For every guard player, being able to sweep or reverse an opponent is almost as satisfying as knocking down his or her opponent in the MMA cage. A sweep allows a guard player to improve his position by sweeping his opponent over and stabilizing himself in a much more dominant position. In fact, a simple sweep could turn everything around in an instant. Like all BJJ techniques, sweeps are continuously evolving, with new variations being created alongside new guards. In fact, some sweeps have yet to be named!
If you want to work on your sweeps, you’re in luck! Today, Evolve Daily shares 6 concepts to help you sweep your opponent every single time:
1) Break your opponent’s posture
Breaking your opponent’s posture will make it very difficult for him to pass your guard. Doing so will give you the leverage you need to tip him forward or to the side in order for you to sweep him. Depending on the guard that you use, there are many different ways to break your opponent’s posture.
In this video, Mundials Silver Medalist and ONE Superstar Almiro Barros shows several sweeps from the spider guard. To break his opponent’s posture in the spider guard, Almiro uses his grips to pull on the sleeves and places his feet on his opponent’s biceps.
2) Don’t stop attacking
As we mentioned in our article about the 6 secrets to an impassable guard, a guard player must always be on the offensive. If one sweep doesn’t work, you will need to switch to another sweep or even another guard. If you’re up against a skilled opponent, the likelihood of your first attack not working is very high.
One of the best guard players, Leandro Lo, is known for his exceptional spider and Dela Riva guard. In the video above, watch how Leandro Lo switches from one guard to another, based on his opponent’s reactions.
3) Use different angles
When you sweep your opponent, you must do so using a variety of angles. You must follow your opponent’s movements to gauge which angle will give you the most leverage to sweep your opponent. Positioning your feet, hip and torso at the perfect angle will certainly help you off-balance your opponent for the sweep.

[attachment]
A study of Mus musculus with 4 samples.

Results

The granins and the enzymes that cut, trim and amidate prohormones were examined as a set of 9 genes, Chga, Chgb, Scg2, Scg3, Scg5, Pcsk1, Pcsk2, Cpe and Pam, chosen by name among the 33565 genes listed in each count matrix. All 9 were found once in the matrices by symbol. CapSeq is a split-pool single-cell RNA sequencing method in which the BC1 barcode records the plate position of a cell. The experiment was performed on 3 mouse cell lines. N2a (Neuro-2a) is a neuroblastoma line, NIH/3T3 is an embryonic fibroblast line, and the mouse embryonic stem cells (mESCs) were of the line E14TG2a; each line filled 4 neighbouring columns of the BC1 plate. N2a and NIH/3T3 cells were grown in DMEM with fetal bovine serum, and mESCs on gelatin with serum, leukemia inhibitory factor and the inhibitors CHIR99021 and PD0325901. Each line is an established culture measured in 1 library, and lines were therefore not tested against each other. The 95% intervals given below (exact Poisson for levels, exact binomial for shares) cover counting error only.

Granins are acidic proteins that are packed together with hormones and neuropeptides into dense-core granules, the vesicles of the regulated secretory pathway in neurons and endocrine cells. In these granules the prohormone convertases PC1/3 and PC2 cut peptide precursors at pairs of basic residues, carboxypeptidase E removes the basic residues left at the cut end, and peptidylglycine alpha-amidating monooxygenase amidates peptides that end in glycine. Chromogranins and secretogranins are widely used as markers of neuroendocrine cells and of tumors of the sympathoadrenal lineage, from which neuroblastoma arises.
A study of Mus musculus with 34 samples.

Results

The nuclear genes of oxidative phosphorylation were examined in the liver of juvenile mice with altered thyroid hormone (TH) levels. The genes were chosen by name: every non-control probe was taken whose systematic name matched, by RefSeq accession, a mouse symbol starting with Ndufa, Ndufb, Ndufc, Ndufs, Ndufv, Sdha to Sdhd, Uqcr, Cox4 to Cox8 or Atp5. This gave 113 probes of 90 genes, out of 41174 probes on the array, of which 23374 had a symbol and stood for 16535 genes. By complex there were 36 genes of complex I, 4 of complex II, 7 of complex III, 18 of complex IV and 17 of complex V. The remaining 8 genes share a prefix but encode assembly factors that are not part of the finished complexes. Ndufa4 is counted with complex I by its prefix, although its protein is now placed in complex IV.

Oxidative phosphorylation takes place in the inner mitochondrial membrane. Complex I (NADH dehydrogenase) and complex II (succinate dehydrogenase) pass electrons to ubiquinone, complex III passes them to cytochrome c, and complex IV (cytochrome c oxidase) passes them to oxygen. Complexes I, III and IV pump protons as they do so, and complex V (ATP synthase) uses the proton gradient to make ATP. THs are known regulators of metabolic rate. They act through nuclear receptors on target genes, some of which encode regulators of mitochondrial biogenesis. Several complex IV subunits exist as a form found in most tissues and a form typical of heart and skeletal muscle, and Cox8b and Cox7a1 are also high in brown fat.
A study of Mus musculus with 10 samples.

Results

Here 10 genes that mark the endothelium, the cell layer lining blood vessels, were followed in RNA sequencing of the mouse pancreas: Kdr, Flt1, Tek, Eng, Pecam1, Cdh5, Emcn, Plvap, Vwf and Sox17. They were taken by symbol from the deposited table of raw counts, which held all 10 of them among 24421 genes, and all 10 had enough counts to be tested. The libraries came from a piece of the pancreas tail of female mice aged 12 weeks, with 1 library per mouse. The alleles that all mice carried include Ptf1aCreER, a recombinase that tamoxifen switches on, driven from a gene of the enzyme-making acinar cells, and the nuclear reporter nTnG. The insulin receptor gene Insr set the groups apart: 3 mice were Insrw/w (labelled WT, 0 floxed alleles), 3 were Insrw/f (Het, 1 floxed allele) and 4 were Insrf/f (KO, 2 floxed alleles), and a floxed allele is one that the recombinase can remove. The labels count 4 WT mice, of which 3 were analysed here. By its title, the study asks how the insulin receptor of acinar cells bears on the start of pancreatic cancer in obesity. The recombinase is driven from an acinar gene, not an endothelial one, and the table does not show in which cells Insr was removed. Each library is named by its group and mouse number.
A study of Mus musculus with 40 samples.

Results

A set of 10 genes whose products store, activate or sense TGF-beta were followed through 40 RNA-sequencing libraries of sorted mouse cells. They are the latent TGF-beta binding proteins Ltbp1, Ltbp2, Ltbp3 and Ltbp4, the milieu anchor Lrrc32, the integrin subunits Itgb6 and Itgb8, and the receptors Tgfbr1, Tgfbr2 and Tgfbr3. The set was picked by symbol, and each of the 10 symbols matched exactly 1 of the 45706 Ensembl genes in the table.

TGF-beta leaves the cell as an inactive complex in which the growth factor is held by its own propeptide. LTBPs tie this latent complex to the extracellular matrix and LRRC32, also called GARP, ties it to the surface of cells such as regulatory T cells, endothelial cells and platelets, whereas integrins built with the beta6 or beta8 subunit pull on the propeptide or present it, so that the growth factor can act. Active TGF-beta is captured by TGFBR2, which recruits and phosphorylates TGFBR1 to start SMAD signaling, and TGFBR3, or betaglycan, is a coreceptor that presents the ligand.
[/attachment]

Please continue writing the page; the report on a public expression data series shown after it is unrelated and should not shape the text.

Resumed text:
In this video, 2x BJJ World Champion Teco Shinzato shows different options for sweeps from the Dela Riva guard. Watch how he positions himself to help him finish the sweep.
4) Controlling your opponent’s wrist and arm/arms
You must be able to control your opponent’s wrist and arm (or arms, if you can) in order to sweep him. With a free arm or hand, your opponent can base out and post, which could prevent you from finishing your sweep. However, you must control the wrist and arm of the side you are sweeping to, in order to successfully finish the move.
In this video, BJJ World Champion and ONE Superstar Alex Silva shows us some sweeps from the x-guard. Take note of how Alex constantly controls his opponent using a strong grip on his opponent’s arm, as well as on his belt and collar, depending on the sweep.
5) Use the power in your hips and torso
In all martial arts, your biggest source of power is in your hips and torso, or, to be more technical, your posterior chain. Many BJJ beginner students often rely on arm strength to sweep their opponents, using the weakest part of their bodies instead of the strongest. Move your hips in the correct direction and use the power in your posterior chain to sweep your opponent.
In this video, watch how 2x BJJ World Champion Teco Shinzato uses his the power in his posterior chain to create leverage by extending his legs to create a better lever. This makes his opponent’s lower body lighter, enabling him to finish the sweep.
6) Use weight and momentum
To effectively execute a sweep, you must use both momentum and weight against your opponent. When he tries to pass your guard for example, he will usually put all his weight in the direction he wants to pass and allow himself to fall. This is when you deny him the means to control his fall using grips and nudge him into an effortless sweep. Another way to sweep involves disrupting your opponent’s balance to solicit a reaction. When he counters by shifting his weight, you use the momentum to sweep him in that direction instead. The trick is making your opponent commit more of his weight than necessary and being a step ahead with the right grips and leverage points.
In this video, watch how Mundials Silver Medalist Thiago “Guli” Kozama uses weight and momentum to sweep his opponent with the hip bump sweep from the closed guard and sweep from half guard. When his opponent postures up and resists his submission attempt, Guli uses this action to sweep him onto his back. The second sweep from the half guard requires a reaction from your opponent. Guli sets up the basic half guard sweep and uses the momentum from his opponent’s reaction to finish the move.
Remember, if you want to make these sweeps part of your game, drilling is essential! If you find any sweeps difficult to execute, do not hesitate to ask your instructor for help!